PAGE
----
Taste aversion is also known as conditioned taste aversion and it is a tendency to either avoid or form negative associations with a particular food, particularly when you have eaten that just before falling sick.(1) Many people around the world suffer from taste aversion and this condition is also a subject of conversation amongst experts.
When asked the question about what food they dislike, people usually have a story that is related to their negative experience with the food they refuse to eat. In most cases, taste aversion develops after eating a food that then causes vomiting, nausea or sickness. In animals, taste aversion often serves as a survival mechanism, training the body to avoid any poisonous substance that has caused the animal to fall sick once.(5) So what exactly is taste aversion and what causes this condition? Let us take a moment to understand taste aversion.
What is Taste Aversion?
One of the biggest examples of conditioned taste aversion is when you consume a particular food and then end up getting the flu immediately afterward. Then even after a long time after the incident, consciously or subconsciously, you start avoiding that food because your mind associates it with the time you fell sick after having that food.(2) This will happen even though that food had no role in causing your illness since of course, the flu does not spread in this manner.
This condition is known as conditioned taste aversion because your brain has trained you to avoid the food, even though it had no relation to your illness. This is known as single-trial conditioning because it only took one chance for you to become conditioned to think negatively about the food or to start avoiding it altogether.
Taste aversions occur both consciously and unconsciously.(3) At times you start avoiding that food unconsciously without really realizing why you are doing so.(3) How much of that particular food you consumed or how sick you got determines the strength of your conditioned taste aversion.
Causes of Taste Aversion
Taste aversion typically happens after you eat something and then you fall sick.(1) This illness usually has nothing to do with the food and tends to involve nausea and vomiting. The more intense your sickness, the longer your taste aversion tends to last.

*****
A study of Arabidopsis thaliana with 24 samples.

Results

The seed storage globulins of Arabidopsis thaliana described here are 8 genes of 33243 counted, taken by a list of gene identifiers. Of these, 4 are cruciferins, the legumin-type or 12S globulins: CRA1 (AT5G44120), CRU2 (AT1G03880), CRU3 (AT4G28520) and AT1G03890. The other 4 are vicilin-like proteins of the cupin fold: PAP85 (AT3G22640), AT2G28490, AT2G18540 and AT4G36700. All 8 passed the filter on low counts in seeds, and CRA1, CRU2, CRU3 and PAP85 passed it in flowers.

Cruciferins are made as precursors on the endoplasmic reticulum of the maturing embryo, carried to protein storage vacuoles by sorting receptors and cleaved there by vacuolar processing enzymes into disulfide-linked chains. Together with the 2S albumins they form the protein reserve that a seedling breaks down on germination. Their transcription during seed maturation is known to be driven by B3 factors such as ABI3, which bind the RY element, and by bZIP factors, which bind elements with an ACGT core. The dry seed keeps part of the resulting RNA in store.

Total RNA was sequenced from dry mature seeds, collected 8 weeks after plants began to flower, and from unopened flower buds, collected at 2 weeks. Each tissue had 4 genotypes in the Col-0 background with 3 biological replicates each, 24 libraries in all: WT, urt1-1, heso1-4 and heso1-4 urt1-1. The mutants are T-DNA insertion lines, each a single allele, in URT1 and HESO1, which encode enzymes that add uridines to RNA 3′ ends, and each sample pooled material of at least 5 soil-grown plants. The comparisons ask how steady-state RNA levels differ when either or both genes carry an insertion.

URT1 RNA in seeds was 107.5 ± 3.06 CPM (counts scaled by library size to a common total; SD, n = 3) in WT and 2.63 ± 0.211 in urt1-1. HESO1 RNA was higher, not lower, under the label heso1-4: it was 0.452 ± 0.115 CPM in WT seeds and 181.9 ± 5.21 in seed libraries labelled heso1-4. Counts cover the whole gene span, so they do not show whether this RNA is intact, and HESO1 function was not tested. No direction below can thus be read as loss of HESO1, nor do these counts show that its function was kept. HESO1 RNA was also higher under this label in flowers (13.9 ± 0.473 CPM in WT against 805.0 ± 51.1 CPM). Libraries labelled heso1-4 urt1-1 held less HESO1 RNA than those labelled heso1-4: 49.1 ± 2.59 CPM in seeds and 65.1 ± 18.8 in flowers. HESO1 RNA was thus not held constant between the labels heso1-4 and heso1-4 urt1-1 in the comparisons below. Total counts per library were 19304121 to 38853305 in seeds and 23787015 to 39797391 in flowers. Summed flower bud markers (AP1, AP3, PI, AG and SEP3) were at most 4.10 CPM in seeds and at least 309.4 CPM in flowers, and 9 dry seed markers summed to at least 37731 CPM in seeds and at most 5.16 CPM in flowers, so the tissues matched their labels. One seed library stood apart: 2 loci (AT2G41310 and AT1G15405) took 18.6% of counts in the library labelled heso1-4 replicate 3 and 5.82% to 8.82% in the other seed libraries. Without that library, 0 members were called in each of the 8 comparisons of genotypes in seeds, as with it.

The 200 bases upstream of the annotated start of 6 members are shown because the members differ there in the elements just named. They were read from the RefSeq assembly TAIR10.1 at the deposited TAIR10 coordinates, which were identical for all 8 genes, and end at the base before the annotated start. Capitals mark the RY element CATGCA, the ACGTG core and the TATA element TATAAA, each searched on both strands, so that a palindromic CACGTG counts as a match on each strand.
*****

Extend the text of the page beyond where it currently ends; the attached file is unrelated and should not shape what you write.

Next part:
Some illnesses or conditions, not related to the food you have consumed, can also trigger vomiting and nausea, contributing to this taste aversion. These conditions or illnesses may include:
- Liver failure
- Motion sickness
- Ear infection
- Rotavirus infection
- Pregnancy or morning sickness
- Drinking too much alcohol
- Stomach flu
How To Get Past Taste Aversion?
Food aversions or taste aversions are typically psychological. You do not have an allergy to the food, but your mind starts associating that food with the instance when you fell sick.
Here are some ways in which you can overcome or combat taste aversions.
Try To Cook The Food In A New Way: For example, if you became sick after consumption of fried eggs, then you should try to cook the eggs in a different manner, say trying it in an omelet form the next time. This will avoid the link of the eggs with the same sickness as before.
Make New Food Associations: You may have associated the flavor of coconut with the time you feel sick after eating a coconut cream pie, so you start associating coconut with vomiting. However, make a conscious effort to try associating coconuts with vacations, tropical islands and a relaxing time on a warm beach. This will break your original association and create a new one instead hence fighting the taste aversion you have developed.
Gradually Increasing Your Exposure To Taste: By slowly increasing your exposure to the particular taste you have developed an aversion to, will help prevent you from feeling disgusted or sick about that taste. You can try to first smell it, and then taste a little bit of the food to increase your exposure.
Can Taste Aversion Indicate a Bigger Problem?
While generally taste aversion is not a problem, but sometimes it can indicate a more serious underlying problem, such as an eating disorder.(6) If you are suffering from certain taste aversions, then it will have an impact on your ability to have a balanced diet. This is why discussing with your doctor to find out whether you may be suffering from an eating disorder is important.
Taste aversions tend to occur when you fall sick, usually develop nausea or vomiting, after eating a certain food. Your brain then starts to associate this food with the sickness. In some cases, taste aversion disappears with time, but sometimes taste aversions may be an indication of an underlying eating disorder. Some people also report experiencing a taste aversion years after the actual incident with the food happens.